Saturday, December 28, 2013

Saltwood Boxing Day Run 2013

The end-of-year return home wouldn't be complete without a trip to the village of Saltwood for a romp across the British countryside in the annual Saltwood Boxing Day Run, now in its 39th year. The weather for our trip home has been absolutely diabolical, but one would expect no less. After all, a British man never leaves home without his umbrella - or so my Chinese students used to tell me way back when. Wait, what? But, yeah, it's rained every day since we've been here and, much like last winter, rivers are bursting their banks and half the country is under water.

I lived through this misery for the first 20 years of my life, but now the annual return to the UK makes me thankful for every single one of those 300 days of sunshine we are reputed to get on the Front Range of the Colorado Rockies. That said, nothing quite beats the British countryside on a glorious summer day, no mater how few and far between they are. But I digress. All you need to know is that the route for the 39th running of the Boxing Day Run was bloody muddy.

The race, nay run, is an approximately three mile loop through farmers' fields, past a gate or two, over a stile, through the woods, up and down a couple of hills and back to the finish line on the village green. A true cross country race in a quintessentially British setting. This would be my sixth running of the race in the last seven years.

There looked to be a good turnout milling around as we got ready for the off, runners no doubt encouraged by the brief window of sunshine we were enjoying following the previous two days of torrential rains and gale force winds. After a few pleasantries on the start line with a couple of the Saltwood regulars it was down to business. The start was hectic and I came close to taking an early digger with ankles being clipped left and right by overanxious youngsters getting out at a sprint. By the first turn I finally had room to run and found myself sitting somewhere around tenth with a couple of lads off the front that I knew wouldn't be coming back.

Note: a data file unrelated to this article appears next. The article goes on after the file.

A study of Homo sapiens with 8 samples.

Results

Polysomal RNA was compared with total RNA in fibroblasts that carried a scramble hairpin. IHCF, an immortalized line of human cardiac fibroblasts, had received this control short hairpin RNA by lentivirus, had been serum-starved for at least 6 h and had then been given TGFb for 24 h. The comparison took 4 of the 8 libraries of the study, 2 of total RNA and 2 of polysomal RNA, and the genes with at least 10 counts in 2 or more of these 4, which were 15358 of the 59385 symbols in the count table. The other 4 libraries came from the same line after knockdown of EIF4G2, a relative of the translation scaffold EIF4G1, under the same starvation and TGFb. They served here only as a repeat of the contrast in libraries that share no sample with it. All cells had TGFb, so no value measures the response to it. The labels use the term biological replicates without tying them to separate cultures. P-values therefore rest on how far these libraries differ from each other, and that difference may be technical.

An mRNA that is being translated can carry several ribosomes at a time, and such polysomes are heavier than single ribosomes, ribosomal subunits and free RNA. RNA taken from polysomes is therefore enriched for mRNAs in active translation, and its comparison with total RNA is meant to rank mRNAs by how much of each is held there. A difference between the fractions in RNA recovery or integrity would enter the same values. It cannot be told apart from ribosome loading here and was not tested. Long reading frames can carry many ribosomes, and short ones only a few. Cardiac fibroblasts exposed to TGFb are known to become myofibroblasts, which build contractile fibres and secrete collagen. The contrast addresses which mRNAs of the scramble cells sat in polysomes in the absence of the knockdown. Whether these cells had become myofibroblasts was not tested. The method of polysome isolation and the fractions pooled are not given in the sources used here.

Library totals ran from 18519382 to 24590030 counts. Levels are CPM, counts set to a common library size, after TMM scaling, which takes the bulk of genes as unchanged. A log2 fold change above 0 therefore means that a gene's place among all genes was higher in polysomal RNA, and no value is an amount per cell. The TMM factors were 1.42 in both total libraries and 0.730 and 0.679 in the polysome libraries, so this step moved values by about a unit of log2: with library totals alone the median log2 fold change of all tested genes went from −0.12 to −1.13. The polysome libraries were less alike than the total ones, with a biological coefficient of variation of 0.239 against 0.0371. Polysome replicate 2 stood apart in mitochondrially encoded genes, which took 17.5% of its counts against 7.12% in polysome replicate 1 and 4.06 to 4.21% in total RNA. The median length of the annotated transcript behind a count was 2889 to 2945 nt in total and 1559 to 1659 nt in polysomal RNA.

The lead up to the first kissing gate, coming up from the first river crossing.
Across the playing field, I passed a couple of the early pacesetters before easing past a few more on the slick descent to the first footbridge. Up the steps to the 'kissing gate' I was sixth in line, a position I held up the first hill and over the stile. Across the grazing field - no sheep this year - I moved into fourth, with third 10-15 meters ahead and first and second off to the races. A mile down and it was a race for third.

I had my brother's cross country spikes on this year and they made a huge difference versus regular trail runners, which are simply no match for the bogs of the Saltwood course. On the slick boggy paths under the wooded canopy, I went to work on bridging the gap to third making a bit of a dent by the time we popped back out into the fields.

I was close enough now that I could hear some pretty labored breathing and was feeling strong enough that I was able to keep firmly on the gas up through the rolling paths, a number of which were more brook than trail. With a half mile to go on the final footpath leading back down into the village I began closing quickly and ultimately went by without a fight, finishing back on the green in a surprising four second PR and third place overall. Five-time winner Michael Coleman was finally dethroned by a young lad, Maximilian Nicholls, who has been running the race for years, coming of age this year with an impressive slog through the mud.

Happy to get on the podium again.
After getting a few layers on, I headed back out to watch Alistair finish up what he fittingly refers to as the Mud Run. Just the two Clarks on the start line this year, but hopefully we'll have a full contingent next year for the 40th running of this great running tradition.

Geeked to get going.
Finishing it up and putting the hurt on Skeleton Man.